Elon parent Steve Anderson P’16 has made a $125,000 gift to the Elon LEADS Campaign to support the university's innovative new hub for STEM education, which offers "hope for the future."
Steve Anderson P’16, of Great Falls, Virginia, has continued his generous support of the Elon LEADS Campaign by making a $125,000 gift to the planned Innovation Quad, the dynamic future home for cross-disciplinary studies involving STEM education and Elon’s engineering and physics departments.
Anderson said he was inspired to support the game-changing Innovation Quad that will further STEM education at Elon and play a role in preparing future leaders to address complex challenges such as the COVID-19 pandemic. Anderson has been involved in the COVID-19 testing and vaccination efforts as president and CEO of the National Association of Chain Drug Stores (NACDS), whose members are playing an essential role in providing COVID-19 vaccinations to 330 million Americans at their 40,000 stores. Ninety percent of all Americans live within five miles of those locations, making NACDS members the most accessible healthcare professionals in the country, Anderson said.
“In my leadership role with the association, I’ve seen firsthand the impact and importance of innovation as we navigate and end the pandemic, and that’s one of the major reasons for this gift,” Anderson said. “The idea that we can have a virus change the world’s economies and societies as quickly as it did is staggering. The IQ gives me hope for the future and that’s why it deserves strong support.”
The Innovation Quad is among the top priorities of the $250 million Elon LEADS Campaign and Boldly Elon, the university’s 10-year strategic plan, which calls for advancing existing STEM programs, adding new STEM programs and expanding science facilities.
“Elon does a tremendous job of positioning itself extremely well to prepare students for new challenges and for a future that none of us can predict,” Anderson said. “The timing of the IQ is perfect and it shows great leadership by Elon.”
Anderson has been impressed by Elon’s national leadership in experiential education and commitment to giving students a strong foundation in the arts and sciences. His son, Brandon, graduated in 2016 with a degree in finance.
“Elon changed Brandon’s life and prepared him well for a lifetime of success in an uncertain world, and that speaks volumes about the university,” he said. “You don’t get compartmentalized when you attend Elon. The fact that you can bring together a business and engineering curriculum or any curriculum with engineering, that’s a unique perspective that a liberal arts education brings and that’s what Elon fosters.”
Anderson has been a loyal benefactor to Elon, supporting scholarships, the Phoenix Club and the Martha and Spencer Love School of Business. In 2016, he made a $250,000 commitment to name the North Terrace in Richard W. Sankey Hall. Anderson is a member of Elon’s President’s Advisory Council, served as co-chair of the Washington, D.C., regional committee of the Elon LEADS Campaign and is a former member of the university’s Parents Council.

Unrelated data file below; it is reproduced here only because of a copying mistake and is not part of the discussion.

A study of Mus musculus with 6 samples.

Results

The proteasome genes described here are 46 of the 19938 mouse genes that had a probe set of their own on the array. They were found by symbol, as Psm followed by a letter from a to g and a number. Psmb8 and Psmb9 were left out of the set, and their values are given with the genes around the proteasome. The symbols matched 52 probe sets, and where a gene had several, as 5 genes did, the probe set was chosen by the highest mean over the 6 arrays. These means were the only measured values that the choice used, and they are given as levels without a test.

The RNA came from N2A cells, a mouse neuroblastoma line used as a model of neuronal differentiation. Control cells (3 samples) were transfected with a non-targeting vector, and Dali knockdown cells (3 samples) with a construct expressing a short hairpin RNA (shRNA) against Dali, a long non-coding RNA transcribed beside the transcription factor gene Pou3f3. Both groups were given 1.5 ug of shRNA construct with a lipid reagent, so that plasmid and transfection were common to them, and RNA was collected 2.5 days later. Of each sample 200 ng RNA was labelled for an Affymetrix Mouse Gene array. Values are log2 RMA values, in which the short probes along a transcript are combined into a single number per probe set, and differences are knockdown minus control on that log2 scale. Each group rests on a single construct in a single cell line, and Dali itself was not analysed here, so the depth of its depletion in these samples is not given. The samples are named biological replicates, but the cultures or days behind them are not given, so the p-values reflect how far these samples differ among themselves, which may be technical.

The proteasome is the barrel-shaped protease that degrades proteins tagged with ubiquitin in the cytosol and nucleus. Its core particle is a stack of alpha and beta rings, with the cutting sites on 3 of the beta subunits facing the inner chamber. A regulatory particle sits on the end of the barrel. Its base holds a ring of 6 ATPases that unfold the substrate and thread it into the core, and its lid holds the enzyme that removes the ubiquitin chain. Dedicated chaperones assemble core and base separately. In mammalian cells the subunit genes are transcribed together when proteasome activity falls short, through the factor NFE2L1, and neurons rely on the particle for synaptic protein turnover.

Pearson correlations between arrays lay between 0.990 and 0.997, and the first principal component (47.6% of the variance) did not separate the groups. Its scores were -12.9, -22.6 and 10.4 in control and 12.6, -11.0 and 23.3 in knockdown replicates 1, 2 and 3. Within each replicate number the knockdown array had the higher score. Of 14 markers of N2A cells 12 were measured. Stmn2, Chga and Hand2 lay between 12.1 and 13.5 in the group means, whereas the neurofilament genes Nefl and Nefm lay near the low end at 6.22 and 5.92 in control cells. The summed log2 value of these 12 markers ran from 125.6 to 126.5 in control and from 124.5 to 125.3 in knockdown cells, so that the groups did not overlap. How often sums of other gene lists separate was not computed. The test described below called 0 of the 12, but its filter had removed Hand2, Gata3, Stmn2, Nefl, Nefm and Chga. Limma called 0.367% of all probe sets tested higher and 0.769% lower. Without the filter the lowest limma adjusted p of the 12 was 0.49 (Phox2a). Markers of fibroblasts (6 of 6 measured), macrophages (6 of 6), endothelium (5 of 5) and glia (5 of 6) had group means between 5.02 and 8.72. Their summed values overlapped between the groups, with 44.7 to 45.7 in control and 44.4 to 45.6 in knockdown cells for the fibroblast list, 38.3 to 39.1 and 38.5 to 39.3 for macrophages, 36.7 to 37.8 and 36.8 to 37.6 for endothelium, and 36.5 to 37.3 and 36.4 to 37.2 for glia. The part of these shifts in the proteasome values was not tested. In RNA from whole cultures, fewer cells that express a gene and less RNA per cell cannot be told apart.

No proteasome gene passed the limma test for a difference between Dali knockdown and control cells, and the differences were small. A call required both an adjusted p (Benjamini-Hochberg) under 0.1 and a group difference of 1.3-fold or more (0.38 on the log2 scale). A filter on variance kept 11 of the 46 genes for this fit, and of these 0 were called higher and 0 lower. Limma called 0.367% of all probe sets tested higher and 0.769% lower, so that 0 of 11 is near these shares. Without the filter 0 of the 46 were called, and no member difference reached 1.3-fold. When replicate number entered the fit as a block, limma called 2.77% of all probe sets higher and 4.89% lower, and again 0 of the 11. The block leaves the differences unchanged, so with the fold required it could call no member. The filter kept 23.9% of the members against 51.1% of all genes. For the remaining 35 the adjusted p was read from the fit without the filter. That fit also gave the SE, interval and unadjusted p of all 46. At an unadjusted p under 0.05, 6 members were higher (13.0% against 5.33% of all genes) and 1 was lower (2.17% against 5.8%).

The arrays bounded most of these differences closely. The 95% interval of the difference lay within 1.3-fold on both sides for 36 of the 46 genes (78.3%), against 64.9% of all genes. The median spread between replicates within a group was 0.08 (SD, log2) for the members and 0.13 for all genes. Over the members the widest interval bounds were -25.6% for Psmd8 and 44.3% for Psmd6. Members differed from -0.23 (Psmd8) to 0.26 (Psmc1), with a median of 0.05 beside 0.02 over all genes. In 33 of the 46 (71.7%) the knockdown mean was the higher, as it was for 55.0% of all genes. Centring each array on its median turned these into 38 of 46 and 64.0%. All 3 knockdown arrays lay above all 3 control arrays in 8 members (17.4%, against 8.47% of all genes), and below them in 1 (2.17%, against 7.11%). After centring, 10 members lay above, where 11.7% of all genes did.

Anderson has high hopes for the Innovation Quad and looks forward to watching the project develop. A groundbreaking ceremony is anticipated for later this year.
“Elon students want to be engaged and change society, and having the IQ will be very attractive to prospective students who are considering Elon.”
The Innovation Quad: A Game-Changing Endeavor
The first two buildings of the Innovation Quad will be located between the Dalton L. McMichael Sr. Science Center and Richard W. Sankey Hall, creating a powerful link between STEM education, the sciences and the Love School of Business. This will be the heart of the IQ and constitutes the initial phase of a long-term investment by Elon into science, creativity and discovery that will be accessible to all students. Future phases call for academic and residence halls, a series of corporate-sponsored incubators and design hubs that will promote cross-disciplinary studies and collaboration.
IQ1 has been named Founders Hall following a generous gift from Elon alumnus Furman Moseley ’56 and his wife, Susan, whose commitment is among the largest ever received by the university. Plans for Founders Hall include 20,000 square feet for large workshops and prefabrication spaces where physics and engineering students and faculty can take big ideas and transform them into prototypes. The facility will include design labs for engineering and physics, a mechatronics classroom, prefabrication labs, an astrophysics lab and student engagement spaces to spark innovation.
IQ2 will provide connected classrooms and labs, group study rooms and faculty offices. The three-story, 40,000-square-foot facility will be the home for cutting-edge, cross-disciplinary studies and research in biomedicine, computer science, physics, biophysics and environmental engineering. It will face McMichael Science Center on one side and Sankey Hall on the other, solidifying the connection of science to entrepreneurship, sales, design thinking and analytics.
About the Elon LEADS Campaign
With a $250 million goal, Elon LEADS is the largest fundraising campaign in the university’s history and will support four main funding priorities: scholarships for graduates the world needs, increase access to engaged learning opportunities such as study abroad, research and service learning, support for faculty and staff mentors who matter and Elon’s iconic campus. As of January 15, donors had contributed $204 million toward the goal.
Every gift to the university—including annual, endowment, capital, estate and other planned gifts—for any designation counts as a gift to the campaign, which will support students and strengthen Elon for generations to come. To learn more about how you can make an impact, visit www.elonleads.com.